By Scott Somers, NCARB, ARCH-101 Architecture, Designers, Advocates, Coeur d’Alene, Idaho ssomers@arch-101.com www.arch-101.com

Key points:

  • Start planning at least a year ahead of your desired move-in date.
  • Before purchasing a property, make sure it will meet your needs for office space as well as parking.
  • Protect yourself by only dealing with reputable companies with a history of satisfied customers.
  • Avoid looking for “deals.” Most often, the cheapest way of doing a project ends up being the most expensive.
  • Consult professionals to help you make informed decisions.

 

Designing and building your new office is a major undertaking. Familiarize yourself with the design and construction process before getting started.

Important First Steps

  • Most importantly, make sure you have thoughtfully planned for your project. It is a large investment—maybe the largest you will ever make. Plan your project around your personal goals and the goals of your practice. Your practice should not be planned around the design of your office. Define what a successful project means to you.
  • Establish major goals early. Define all of your budgets (project-related and equipment- related), financing options, project schedule and expected outcomes.
  • Plan well in advance of your anticipated occupancy date. New building design, permitting and construction will take roughly 13 months or more after a site has been selected. The design, permitting and construction of a remodel can take 7 months or more after a lease has been signed.
  • Work only with professionals you trust, who are also experienced in orthodontic design, easy to work with and who understand your goals. They should advocate for you, free from conflicts of interest.
  • Do not purchase property without the review of your architect. Use “due diligence” to fully investigate the property. Visit your local county or city planning and building department and apply for a pre-construction conference before closing on any property deal to ensure your property works for you before you buy.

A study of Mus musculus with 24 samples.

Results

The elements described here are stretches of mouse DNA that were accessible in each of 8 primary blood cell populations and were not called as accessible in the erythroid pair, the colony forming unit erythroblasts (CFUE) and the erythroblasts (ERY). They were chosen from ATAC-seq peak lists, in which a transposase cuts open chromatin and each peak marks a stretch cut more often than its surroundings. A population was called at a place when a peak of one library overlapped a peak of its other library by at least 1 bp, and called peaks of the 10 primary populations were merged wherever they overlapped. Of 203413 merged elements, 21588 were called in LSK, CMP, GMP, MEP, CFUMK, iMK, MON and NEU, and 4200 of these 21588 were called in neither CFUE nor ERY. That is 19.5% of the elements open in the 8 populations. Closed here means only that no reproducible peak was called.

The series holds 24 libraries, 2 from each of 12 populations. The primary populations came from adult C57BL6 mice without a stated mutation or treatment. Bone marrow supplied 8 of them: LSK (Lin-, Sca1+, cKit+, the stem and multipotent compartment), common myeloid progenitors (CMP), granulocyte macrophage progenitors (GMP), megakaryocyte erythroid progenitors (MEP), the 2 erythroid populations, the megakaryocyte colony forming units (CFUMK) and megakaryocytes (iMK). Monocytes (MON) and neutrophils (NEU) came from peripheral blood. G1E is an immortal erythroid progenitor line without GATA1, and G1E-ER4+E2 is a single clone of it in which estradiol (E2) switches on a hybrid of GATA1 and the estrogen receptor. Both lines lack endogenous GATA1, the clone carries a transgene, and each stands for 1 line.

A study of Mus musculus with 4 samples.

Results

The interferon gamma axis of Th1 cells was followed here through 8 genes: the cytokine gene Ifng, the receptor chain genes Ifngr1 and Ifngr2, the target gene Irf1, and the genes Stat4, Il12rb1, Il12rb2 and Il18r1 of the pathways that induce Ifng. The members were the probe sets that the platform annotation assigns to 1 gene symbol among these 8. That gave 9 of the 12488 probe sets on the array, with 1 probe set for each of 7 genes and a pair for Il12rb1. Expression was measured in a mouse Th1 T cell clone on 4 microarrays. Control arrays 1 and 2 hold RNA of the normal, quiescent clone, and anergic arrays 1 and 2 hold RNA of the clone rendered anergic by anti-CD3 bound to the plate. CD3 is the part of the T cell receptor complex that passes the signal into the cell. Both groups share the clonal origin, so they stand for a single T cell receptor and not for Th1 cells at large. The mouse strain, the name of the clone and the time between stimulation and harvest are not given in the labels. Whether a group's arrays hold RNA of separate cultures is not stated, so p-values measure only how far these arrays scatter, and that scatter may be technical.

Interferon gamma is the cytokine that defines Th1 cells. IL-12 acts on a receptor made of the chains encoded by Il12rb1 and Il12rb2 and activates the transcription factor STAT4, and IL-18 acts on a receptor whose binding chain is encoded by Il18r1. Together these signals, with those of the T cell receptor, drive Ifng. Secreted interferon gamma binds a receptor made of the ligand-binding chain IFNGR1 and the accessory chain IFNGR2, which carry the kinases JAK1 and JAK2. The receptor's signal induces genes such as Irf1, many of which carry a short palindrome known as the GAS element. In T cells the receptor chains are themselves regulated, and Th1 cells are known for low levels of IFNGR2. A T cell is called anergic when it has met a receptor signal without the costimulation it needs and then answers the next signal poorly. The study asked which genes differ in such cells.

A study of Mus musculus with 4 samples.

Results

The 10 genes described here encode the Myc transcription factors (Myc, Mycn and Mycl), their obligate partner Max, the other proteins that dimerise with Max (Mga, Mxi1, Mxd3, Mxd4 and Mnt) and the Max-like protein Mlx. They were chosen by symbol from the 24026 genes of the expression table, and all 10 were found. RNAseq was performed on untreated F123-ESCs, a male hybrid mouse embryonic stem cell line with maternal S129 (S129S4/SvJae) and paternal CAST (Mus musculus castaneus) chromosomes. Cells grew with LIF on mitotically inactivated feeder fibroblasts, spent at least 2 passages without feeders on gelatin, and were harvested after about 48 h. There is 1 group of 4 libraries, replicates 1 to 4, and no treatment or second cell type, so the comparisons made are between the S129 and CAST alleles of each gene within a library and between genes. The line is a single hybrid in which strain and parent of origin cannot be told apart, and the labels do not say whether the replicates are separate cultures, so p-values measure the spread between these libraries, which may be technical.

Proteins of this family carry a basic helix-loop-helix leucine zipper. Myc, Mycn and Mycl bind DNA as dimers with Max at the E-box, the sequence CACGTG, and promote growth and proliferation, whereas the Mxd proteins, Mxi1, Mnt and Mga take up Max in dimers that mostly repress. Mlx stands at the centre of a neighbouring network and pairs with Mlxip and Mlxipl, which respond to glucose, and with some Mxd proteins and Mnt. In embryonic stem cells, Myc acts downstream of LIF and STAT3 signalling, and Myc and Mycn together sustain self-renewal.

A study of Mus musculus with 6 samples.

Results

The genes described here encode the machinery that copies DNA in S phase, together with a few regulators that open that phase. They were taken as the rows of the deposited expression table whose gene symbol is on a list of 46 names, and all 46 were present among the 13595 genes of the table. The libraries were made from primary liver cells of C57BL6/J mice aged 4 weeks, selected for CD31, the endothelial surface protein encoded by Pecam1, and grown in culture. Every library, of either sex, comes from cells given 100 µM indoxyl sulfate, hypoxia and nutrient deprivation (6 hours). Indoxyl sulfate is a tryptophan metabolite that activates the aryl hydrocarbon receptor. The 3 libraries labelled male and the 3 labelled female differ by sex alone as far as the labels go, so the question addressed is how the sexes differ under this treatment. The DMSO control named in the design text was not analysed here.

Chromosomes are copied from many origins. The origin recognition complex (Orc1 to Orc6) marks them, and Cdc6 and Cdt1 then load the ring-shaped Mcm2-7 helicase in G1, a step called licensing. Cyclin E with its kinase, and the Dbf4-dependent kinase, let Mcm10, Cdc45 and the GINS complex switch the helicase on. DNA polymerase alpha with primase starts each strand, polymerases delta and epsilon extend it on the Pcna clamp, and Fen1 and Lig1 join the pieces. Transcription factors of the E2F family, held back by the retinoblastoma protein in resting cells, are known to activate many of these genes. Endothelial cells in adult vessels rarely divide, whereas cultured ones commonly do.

• Decide how much time you will invest in your project. Will you be heavily involved, or will you have experienced professionals in charge?

 

Project Mistakes to Avoid

  • Buying a piece of land without knowing with a high degree of certainty it will meet your needs.
  • Not completing a comprehensive project budget that is realistic, represents your goals and includes contingencies for unknowns.
  • Purchasing a site that is too small with inadequate space for parking.
  • Underestimating the time required for design, permitting and construction.
  • Building an office space that is too small for future needs.
  • Choosing an architect or contractor with little or no orthodontic experience.
  • Selecting professionals who have conflicts of interests.
  • Looking for “deals.” A thoughtful and realistic project budget complete with expected returns on your overall investment should dictate what your project cost allowances are.  Most often, the cheapest way of doing a project ends up being the most expensive.
  • Believing that the architect’s role stops with the building permit. You should engage your architect to assist overseeing the construction process to ensure that the contractor is building what was designed and following the terms of the construction contract.

 

Don’t Get Taken Advantage of

  • Check with the contractor’s past customers and your banker regarding the contractor's cost and performance record.
  • Work only with experienced professionals you trust.
  • Many times the architect, more than any other professional, helps determine your project’s success.  With you, they are in charge of programming, planning, meeting budgets, managing construction and advising you of threats and opportunities in your project. Make sure you trust this person to act in this capacity.
  • Execute contracts that protect your interests. The American Institute of Architects (AIA) has contracts for design and construction. Make sure all contracts are reviewed by an attorney.
  • Accept that you will need help. Your expertise is most likely not in the building and construction industry. Avoid making uninformed decisions. Consult your professionals when you have questions.